Nurturing Neighborliness on May Day
This week has been rainy and cool and I’ve been eagerly eyeing local flowers; will they last another few days? A strong of warm, dry days brought on a flurry of flowers, but many hastily browned off in the unseasonal heat. At this time of year, there’s always something lovely waiting in the wings but I have a special reason for wanting to find flourishing flowers by Friday. Saturday is May Day, and I want to celebrate the old tradition of making flower-filled May baskets for friends and neighbors. It’s such a simple way to give a little pleasure to our neighbors, and something that’s pretty much guaranteed to please. Who wouldn’t be heartened and comforted to find a little bundle of beauty hanging on their doorknob?
When I was a child in Massachusetts, kids all over the country spent the last days of April making little baskets to fill with flowers. The first day of May was observed almost exclusively by children as a simple celebration of the arrival of spring. We delivered our little baskets as secretly as we could, dangling them on our neighbors’ doors, ringing the bell, then rushing, giggling, to hide in the nearest bushes. We’d watch happily as our elders graciously pretended not to hear or see us, loudly expressing their pleasure in our sweet, childish offerings.
Simple And Informal
In elementary school, the art teacher taught us several ways to make baskets. In kindergarten, we rolled construction paper into cones and pasted on paper strips for handles. By grade school, we mastered baskets made like a paper cocked hat; fold a letter sized sheet in half length-wise, then again (but lightly this time) in half width-wise. Bring the two ends of the folded edge in and up to create a cone with a closed point. Fold the upper edge flaps down to make the pointy little “hat”. Flip the hat upside-down and it becomes a little basket. Tape or staple on a handle of paper or ribbon, line the cone with waxed paper or an old plastic bag and it’s ready to fill with flowers, bunched up, with their cut ends rolled up in a damp paper towel. Making these little flower bundles takes me straight back to Second Grade art class and my immense pride in mastering the art of the May basket.
As for the filling, almost anything will do. I always searched the spring garden for whatever was in bloom, which could vary wildly depending on the length and severity of the Massachusetts winter. Usually the mini bouquets combined fragrant lily of the valley and sticky azalea blossoms with velvety pansies, and they always included a few bluebells and dandelions. Though adults see them as weeds to eradicate, children and bees see dandelions as beautiful, like glowing, shaggy little stars. Just as I did, my grandkids now appreciate the adorable way that hollow dandelion stems curl up at the base, forming tight little coils.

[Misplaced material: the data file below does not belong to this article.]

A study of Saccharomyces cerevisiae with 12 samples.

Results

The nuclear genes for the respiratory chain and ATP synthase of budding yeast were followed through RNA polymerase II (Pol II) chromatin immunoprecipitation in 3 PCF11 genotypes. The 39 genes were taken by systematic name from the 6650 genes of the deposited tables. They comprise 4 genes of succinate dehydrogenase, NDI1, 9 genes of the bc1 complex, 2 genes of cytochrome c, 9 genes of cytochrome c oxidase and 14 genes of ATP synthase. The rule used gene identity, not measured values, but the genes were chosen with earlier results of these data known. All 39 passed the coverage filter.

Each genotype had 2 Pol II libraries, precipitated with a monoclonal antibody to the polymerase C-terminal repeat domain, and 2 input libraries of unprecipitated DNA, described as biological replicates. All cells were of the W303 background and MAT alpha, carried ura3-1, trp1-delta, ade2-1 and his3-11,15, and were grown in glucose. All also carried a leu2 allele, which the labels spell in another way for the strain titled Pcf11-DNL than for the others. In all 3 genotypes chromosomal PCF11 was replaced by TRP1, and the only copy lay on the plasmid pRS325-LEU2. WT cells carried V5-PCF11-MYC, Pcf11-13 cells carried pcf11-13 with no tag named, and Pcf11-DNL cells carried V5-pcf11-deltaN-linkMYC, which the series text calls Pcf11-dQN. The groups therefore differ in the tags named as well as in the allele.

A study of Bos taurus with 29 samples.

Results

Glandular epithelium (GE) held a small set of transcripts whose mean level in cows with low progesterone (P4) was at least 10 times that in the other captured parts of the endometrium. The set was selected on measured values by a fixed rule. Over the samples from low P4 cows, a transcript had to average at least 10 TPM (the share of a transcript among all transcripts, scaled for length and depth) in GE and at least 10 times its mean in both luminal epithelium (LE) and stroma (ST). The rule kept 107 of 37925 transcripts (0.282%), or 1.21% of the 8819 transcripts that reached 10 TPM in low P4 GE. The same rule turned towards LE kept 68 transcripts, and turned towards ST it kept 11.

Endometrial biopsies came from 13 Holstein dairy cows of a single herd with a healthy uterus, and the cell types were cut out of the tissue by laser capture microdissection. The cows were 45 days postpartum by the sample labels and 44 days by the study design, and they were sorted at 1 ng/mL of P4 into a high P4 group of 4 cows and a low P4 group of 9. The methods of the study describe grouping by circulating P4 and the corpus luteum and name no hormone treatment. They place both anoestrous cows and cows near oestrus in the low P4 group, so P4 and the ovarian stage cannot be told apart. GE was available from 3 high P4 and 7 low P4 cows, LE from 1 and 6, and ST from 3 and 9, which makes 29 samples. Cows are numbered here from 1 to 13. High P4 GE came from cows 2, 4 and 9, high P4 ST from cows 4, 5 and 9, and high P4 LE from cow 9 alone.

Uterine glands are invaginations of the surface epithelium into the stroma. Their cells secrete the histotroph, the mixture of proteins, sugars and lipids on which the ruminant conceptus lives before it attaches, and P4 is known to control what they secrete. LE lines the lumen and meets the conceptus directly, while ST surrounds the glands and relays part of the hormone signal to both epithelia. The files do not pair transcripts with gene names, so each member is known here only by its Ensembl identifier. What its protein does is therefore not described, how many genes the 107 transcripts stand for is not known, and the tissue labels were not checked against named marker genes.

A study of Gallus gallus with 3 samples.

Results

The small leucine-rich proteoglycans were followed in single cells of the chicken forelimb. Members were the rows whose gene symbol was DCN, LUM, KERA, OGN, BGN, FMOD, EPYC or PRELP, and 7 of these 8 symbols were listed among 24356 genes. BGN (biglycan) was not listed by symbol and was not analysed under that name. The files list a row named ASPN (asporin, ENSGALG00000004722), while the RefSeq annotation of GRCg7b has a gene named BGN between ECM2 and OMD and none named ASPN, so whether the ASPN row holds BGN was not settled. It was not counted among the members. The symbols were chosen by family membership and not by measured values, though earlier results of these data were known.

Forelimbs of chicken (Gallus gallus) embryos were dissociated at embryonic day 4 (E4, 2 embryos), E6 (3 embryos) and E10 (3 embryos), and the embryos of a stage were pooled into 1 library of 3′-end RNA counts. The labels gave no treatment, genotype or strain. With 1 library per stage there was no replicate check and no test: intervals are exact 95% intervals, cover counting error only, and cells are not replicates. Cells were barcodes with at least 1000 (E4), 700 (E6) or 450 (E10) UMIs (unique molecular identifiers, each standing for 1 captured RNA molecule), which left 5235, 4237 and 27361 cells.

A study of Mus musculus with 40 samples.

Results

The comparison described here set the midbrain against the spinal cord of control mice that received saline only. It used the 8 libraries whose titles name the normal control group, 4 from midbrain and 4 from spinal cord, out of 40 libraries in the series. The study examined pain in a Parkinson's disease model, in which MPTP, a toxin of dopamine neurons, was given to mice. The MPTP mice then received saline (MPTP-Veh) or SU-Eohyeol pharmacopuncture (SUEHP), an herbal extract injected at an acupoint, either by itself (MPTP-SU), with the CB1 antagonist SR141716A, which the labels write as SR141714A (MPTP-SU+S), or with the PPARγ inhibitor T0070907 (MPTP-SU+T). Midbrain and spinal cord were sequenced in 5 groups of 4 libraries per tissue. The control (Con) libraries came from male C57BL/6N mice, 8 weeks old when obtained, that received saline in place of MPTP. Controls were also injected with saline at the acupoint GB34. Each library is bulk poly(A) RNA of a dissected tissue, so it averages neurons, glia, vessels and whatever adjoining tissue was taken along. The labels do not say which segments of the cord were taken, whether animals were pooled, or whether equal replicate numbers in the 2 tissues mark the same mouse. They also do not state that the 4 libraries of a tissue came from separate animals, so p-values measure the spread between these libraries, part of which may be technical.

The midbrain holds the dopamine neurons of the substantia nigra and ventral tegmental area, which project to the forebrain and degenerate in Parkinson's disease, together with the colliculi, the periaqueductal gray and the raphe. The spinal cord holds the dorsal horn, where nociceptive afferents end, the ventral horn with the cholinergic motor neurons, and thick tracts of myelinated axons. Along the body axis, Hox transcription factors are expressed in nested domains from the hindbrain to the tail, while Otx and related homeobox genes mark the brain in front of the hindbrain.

Enjoying The Common
This year, the grandkids are making some now-traditional living May Day garden baskets, using saved pint-sized cardboard berry boxes. Lined with waxed paper, the flat boxes are filled with a handful of potting soil, then clumps of moss, the ubiquitous wild violets and tiny lawn daisies are tucked in to make enchanting mini gardens. For these, we use criss-crossed pipe cleaner handles, taped and stapled for strength since planted baskets are heavier than the usual kind. It’s devastating to see a lovingly filled basket hanging upside down from a door knob, its broken flowers scattered, so sturdy handles are a must.
We’re also making woven paper heart baskets in cheerful colors to fill with handfuls of garden bounty. This Friday, I’ll be filling several dozen of them for a special project, as well as making some for neighbors, so finding a lot of flowers will be especially important this year. They don’t have to be fancy flowers; in fact, the more common, the better. Part of the joyfulness of such artless tussy-mussies is the way they turn the ordinary extraordinary. If we walk by a tangle of rank grass and dandelions, we may smile a bit at their golden cheer, but a single blossom begs and repays more careful inspection.
The Intricacy Of Nature
Indeed, even a carelessly chosen assortment of the most common of garden blooms becomes beguiling, rewarding close attention with unsuspected beauties. Examine almost any flower with a magnifying glass and you’ll discover a wealth of astonishing details, from delicately frilled petals to stamens temptingly tipped with trembling anthers laden with pollen in various shades of cinnamon and gold. Nature is famously generous, pouring out beauty unstintingly, and with seemingly endless levels of detail. No wonder bees love to burrow into the heart of each blossom, wriggling in a dance of delight; it must be like having a luxurious wallow in a soft, cushy pillow while enjoying a delectable dinner from an insect’s point of view.
No matter what the weather will do this week, I’m not really worried about finding enough flowers to fill my little baskets. I’ve got my eye on a large patch of calendulas, always cheerful and sunny in citrus colors. My daily stroll takes me past vacant lots bright with clouds of forget-me-nots in spring-sky blue, and sheaves of Spanish bluebells in blues, white and pink. No matter where I walk, I’m sure to find as many dandelions as any heart could wish. I’ll fill in any gaps with sprigs of rosemary, lemon balm and mint for added fragrance, as well as some variegated Euonymus and trails of Vinca minor, all too abundant in local alleys. Even if I’m all I can find are these most plentiful and ordinary of garden blooms, they’ll still make enchanting little bouquets to greet each recipient with the sight and scent of spring.